After reading up on MFS, and pining, seems like
ipfs pin add -r --progress <peer ID>
should work, as the peer ID is (conceptually at least) the container for the hashes under it.
Unfortunately it doesn’t. So I’m left with using the
ipfs files api to create a folder and populate it with the hashes for the server I’m replicating. I have all the hashes in a SQLite file so that should be easy, but likely very slow.
ipfs pin add -r --progress \<hash of the MFS folder\>
What made you think that
ipfs pin add -r --progress <peer ID> would work? A peer is an agent, not a set of data. Additionnaly, this would be an easy DoS vector.
But if you want to replicate all the data from a peer you control, you should have a look at IPFS Cluster :
Wishful thinking. My rationale was the peerID represented the contents of the server. I haven’t dug into the details to know what you just pointed out, but discovered it won’t work by trial & error.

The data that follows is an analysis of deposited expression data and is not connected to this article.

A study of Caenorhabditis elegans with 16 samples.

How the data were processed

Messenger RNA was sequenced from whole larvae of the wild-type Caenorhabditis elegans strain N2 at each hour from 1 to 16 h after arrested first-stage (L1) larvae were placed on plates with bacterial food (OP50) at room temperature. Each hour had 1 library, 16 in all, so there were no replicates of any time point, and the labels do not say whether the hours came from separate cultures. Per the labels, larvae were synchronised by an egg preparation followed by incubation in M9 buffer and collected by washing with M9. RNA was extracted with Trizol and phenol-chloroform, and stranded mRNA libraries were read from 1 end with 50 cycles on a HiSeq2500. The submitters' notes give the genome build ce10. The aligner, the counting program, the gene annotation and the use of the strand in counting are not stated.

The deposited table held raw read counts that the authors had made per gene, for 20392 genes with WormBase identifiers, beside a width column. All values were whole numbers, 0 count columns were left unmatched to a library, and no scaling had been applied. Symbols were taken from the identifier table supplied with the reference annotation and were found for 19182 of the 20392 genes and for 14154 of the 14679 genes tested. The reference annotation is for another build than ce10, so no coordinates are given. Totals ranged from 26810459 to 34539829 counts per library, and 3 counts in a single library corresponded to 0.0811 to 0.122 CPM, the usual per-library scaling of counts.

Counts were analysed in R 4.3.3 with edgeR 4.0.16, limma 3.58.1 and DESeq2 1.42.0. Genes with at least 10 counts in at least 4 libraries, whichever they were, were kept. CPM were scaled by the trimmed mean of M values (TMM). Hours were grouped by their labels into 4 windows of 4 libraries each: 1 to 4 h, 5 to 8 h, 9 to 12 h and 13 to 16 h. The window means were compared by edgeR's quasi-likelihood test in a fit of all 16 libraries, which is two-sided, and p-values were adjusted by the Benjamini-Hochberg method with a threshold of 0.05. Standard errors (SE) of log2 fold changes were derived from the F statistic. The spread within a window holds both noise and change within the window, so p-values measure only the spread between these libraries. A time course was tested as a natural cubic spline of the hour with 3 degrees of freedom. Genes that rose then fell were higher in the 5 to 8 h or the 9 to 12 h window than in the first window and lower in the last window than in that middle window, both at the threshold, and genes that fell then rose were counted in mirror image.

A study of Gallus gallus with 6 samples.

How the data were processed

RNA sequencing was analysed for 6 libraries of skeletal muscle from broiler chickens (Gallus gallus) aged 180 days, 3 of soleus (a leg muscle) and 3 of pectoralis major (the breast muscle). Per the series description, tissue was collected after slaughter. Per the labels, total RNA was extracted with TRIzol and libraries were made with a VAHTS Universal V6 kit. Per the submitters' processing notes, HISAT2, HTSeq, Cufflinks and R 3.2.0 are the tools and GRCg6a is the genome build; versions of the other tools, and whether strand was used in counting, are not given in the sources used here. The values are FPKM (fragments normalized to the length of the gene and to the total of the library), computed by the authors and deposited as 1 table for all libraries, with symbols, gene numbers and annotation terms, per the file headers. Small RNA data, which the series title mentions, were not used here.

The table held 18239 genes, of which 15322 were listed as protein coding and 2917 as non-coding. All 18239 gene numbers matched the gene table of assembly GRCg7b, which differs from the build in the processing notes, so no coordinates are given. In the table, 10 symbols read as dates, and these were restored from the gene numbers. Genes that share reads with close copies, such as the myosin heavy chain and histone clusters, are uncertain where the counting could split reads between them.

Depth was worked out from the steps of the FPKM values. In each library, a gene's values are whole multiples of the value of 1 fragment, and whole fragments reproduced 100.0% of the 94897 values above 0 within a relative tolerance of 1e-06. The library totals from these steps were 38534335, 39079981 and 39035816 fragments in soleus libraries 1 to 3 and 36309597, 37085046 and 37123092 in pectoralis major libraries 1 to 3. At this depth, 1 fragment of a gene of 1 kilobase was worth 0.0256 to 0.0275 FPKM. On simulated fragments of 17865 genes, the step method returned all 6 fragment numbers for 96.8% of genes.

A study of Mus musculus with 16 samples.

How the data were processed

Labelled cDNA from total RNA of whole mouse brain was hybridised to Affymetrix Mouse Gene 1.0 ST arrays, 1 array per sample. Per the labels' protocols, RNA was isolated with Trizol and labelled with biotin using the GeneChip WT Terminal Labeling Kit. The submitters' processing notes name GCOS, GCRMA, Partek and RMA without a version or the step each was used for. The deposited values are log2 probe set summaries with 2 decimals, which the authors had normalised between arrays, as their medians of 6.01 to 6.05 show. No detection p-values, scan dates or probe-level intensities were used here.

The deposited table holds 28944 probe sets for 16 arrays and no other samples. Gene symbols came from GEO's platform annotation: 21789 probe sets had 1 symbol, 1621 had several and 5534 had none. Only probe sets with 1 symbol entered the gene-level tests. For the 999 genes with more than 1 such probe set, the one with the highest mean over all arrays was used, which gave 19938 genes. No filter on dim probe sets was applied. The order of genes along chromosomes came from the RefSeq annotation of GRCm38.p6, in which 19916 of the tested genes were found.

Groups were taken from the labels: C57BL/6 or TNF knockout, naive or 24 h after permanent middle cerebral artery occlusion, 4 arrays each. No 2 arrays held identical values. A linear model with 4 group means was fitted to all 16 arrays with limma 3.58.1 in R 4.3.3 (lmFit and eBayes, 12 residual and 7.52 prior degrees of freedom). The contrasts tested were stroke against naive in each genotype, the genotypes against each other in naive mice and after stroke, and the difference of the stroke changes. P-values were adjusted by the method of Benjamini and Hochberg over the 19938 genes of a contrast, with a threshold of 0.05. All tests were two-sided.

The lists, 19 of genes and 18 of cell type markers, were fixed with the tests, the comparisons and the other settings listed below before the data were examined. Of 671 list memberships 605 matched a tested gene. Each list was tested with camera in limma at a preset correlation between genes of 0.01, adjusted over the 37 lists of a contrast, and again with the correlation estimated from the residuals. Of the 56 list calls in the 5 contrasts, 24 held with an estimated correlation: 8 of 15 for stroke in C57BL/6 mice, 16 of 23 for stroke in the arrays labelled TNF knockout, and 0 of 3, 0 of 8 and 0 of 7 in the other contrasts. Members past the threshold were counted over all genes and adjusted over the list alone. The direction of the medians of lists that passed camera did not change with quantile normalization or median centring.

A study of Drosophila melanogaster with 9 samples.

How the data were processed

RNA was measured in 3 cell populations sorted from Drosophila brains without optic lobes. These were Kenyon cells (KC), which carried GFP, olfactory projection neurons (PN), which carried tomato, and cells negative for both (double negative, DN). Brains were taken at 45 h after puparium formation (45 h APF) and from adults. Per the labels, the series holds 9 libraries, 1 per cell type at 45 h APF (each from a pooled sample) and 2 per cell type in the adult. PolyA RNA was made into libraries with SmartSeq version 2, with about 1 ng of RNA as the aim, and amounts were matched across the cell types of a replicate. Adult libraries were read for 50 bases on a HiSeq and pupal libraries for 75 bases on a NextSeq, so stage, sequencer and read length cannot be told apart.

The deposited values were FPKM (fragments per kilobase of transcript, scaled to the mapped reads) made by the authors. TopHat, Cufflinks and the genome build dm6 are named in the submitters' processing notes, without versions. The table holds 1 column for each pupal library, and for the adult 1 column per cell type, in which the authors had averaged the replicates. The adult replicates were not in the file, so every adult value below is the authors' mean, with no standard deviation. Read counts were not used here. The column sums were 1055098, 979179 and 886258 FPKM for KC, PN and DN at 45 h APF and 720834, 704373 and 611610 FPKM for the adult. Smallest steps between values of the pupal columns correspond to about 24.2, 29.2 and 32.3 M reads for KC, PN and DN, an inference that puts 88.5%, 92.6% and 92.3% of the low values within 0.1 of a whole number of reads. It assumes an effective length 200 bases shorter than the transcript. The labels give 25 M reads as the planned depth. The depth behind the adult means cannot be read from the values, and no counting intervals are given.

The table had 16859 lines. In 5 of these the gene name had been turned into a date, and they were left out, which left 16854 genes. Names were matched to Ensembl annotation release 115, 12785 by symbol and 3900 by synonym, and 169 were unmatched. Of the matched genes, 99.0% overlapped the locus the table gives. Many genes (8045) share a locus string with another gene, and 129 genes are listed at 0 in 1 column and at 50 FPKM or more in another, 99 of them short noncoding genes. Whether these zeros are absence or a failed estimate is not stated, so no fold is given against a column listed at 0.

I’ve been looking at ipfs-cluster today. My understanding is that it’s a separate service that runs along / in conjunction to the ipfs daemon to manage pins.
If so I don’t know why you suggested it as an alternative to ipfs-pack. If not then it isn’t apparent to me how it can be used to transfer between 2 ipfs servers.
If server A has acquired and pinned data via “ipfs add” server B can pin the hash of server A’s data, but I don’t think that copies the data to server B, it only creates a reference. That makes sense if the goal is space efficiency of the ipfs network, but so so much if you’re trying to migrate from one machine to another, such as when you change your hosting company.
If I am wrong about any of that I’de greatly appreciate being informed otherwise.